My best friends at school, were Megan Weber, Julia Lauri, Sean MacPherson and Farah Khalfe. Some of the teachers who instantly spring to mind, are Mr Paul (King) who made me a spritely necklace when I was feeling down, Ms. Vanda van Spuyk-Hulbert, who offered up wisdom beyond the mere teaching of classroom lessons. Truthfully, I didn’t understand everything she had to say at the time, but as I’ve grown older there have been a few occasions where I’ve finally understood her! There was also Mrs Tilanus who stepped in when she was most needed and Ms Daniels who made her Afrikaans interesting and even fun.

When I was a learner there, MO did not offer classes beyond Class 10, so I left in 2010 for planet Cedar House, from which I gratefully matriculated in 2012.
I attended UCT, for several years and graduated in 2020 with an MSc in Molecular and Cell Biology. My thesis focused on the production of Human Papillomavirus (HPV) pseudovirions in plants as a means of furthering the development of cheaper and safer HPV vaccines. Sjoe, quite a mouthful! On completion of a two-year internship as an Enzyme Engineering Research Scientist I now work as a Quality Control Scientist for Roche Dia Cape Town.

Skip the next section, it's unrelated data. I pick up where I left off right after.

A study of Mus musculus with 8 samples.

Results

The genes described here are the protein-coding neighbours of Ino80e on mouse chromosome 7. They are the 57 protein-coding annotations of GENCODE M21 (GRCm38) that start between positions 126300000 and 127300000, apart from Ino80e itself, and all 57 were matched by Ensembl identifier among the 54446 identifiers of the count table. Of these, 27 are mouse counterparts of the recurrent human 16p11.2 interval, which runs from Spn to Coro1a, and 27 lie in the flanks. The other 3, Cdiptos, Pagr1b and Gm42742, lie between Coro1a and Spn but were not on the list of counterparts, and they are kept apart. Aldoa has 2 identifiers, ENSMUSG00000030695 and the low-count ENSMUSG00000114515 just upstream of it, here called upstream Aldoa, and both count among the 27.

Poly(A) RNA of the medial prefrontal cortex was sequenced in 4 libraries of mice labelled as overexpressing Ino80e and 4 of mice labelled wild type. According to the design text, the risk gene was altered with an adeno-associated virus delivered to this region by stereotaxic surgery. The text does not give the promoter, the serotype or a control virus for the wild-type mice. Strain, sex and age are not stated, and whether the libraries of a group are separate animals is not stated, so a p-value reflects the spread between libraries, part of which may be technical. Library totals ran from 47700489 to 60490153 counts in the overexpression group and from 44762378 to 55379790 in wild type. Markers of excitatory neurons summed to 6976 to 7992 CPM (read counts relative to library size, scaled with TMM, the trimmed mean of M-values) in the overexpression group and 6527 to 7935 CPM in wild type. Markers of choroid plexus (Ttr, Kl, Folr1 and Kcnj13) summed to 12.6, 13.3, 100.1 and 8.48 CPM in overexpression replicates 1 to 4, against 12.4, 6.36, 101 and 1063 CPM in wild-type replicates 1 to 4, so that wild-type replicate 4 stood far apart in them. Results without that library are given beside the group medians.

Michael Oak, as a well-equipped, privileged school, allowed me some insight into the significance that an excellent basic education can give a child, and it has forged a deep awareness in me of how important it is to make science and maths accessible to all.
When I attended UCT I also volunteered at the “Help to Read” organization in Bridgetown, and later volunteered for the 100UP programme, which introduces learners from underprivileged schools to the Science faculty and its various departments at UCT.
Really, what I want to do is remove the notion that science is something elite, or only for the extensively educated; everyday practices like kicking a ball in the air, or making a cup of tea, is also all about science. With the advent of Covid-19 we’ve seen how quickly a virus can spread and also how rapidly misinformation, lies and fallacies about its prevention seeps into our communities. By making science accessible to everyone, people are able to reach informed decisions based on reliable facts rather than rumour and superstition. That’s the way to forge through darkness, to build a bright present, a joyful future.